NVIDIA GeForce GTX TITAN: Windows 8.1 vs. Ubuntu 13.10 Linux
Written by Michael Larabel in Graphics Cards on 25 November 2013. Page 2 of 11. 17 Comments

Before getting to the Windows vs. Linux results for this $999 graphics card, there are a few words on the Linux support. Overall, like the other recent NVIDIA GPUs we've looked at Phoronix, there have been no real issues to report out of the NVIDIA Linux driver. The only complaint that I have about the NVIDIA Linux driver for any of the Fermi/Kepler GPUs is the lack of overclocking support. NVIDIA offers CoolBits-based overclocking from their binary driver for pre-Fermi hardware, but hasn't implemented any overclocking controls for the Fermi/Kepler GPUs due to greater clocking complexities and not seeing too much demand for GPU overclocking on Linux. Hopefully it will come one day.

NVIDIA's Linux driver has supported the GTX TITAN since its public unveiling. As most Phoronix readers know, while it's binary-only software the Linux driver supplied by NVIDIA is generally top-notch and rated very high among gamers. There are no differences at all with the GTX TITAN. For the testing in this article the latest drivers were used on both Windows and Linux. The latest NVIDIA Linux driver at the time of publishing is 331.20 while the Windows 8 NVIDIA driver is 331.82.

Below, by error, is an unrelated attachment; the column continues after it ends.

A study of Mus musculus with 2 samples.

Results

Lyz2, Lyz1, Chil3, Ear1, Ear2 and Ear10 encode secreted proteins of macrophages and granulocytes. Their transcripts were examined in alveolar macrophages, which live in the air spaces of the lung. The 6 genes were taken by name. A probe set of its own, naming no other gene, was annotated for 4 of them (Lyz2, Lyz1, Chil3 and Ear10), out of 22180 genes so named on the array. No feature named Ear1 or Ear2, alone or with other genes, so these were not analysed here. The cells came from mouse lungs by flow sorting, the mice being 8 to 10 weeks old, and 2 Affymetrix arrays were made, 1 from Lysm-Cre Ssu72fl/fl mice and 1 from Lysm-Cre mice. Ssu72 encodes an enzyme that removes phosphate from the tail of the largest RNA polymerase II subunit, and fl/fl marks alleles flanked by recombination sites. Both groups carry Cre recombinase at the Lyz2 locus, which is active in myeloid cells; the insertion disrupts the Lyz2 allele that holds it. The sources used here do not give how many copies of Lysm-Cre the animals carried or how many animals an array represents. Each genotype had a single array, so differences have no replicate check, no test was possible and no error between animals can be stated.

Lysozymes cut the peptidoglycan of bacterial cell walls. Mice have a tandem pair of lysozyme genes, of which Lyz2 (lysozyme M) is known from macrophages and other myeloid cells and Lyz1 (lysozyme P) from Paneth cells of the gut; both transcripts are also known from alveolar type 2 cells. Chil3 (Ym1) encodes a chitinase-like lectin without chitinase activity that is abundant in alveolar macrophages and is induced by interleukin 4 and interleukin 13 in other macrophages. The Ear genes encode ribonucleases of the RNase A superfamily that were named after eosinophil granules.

The NVIDIA GeForce GTX TITAN reference cooler works out very well; unlike the Radeon R9 290, there were no thermal related issues at all. Later on in the article are more thermal / performance-per-Watt / power consumption results.

The NVIDIA Linux driver has no issues with re-clocking, unlike the open-source Nouveau driver. The main complaint with the community-maintained open-source NVIDIA (Nouveau) driver is its lack of re-clocking support so the clock frequencies are currently limited to whatever the video BIOS set them to at boot time, which is generally quite low for the newer, higher-end graphics processors. At least now NVIDIA is taking some interest in releasing public documentation and helping Nouveau, so hopefully in the coming months we can see proper re-clocking support for Fermi/Kepler GPUs.

NVIDIA's PureVideo HD technology is exposed under Linux via NVIDIA's Video Decode and Presentation API for Unix (VDPAU). The supported codecs for the GK110 GPUs include MPEG1, MPEG2, H.264, VC-1, MPEG-4, DivX4, and DivX5. NVIDIA VDPAU continues to work phenomenally for hardware-accelerated video decoding on Linux and continues to be widely supported by Linux multimedia programs.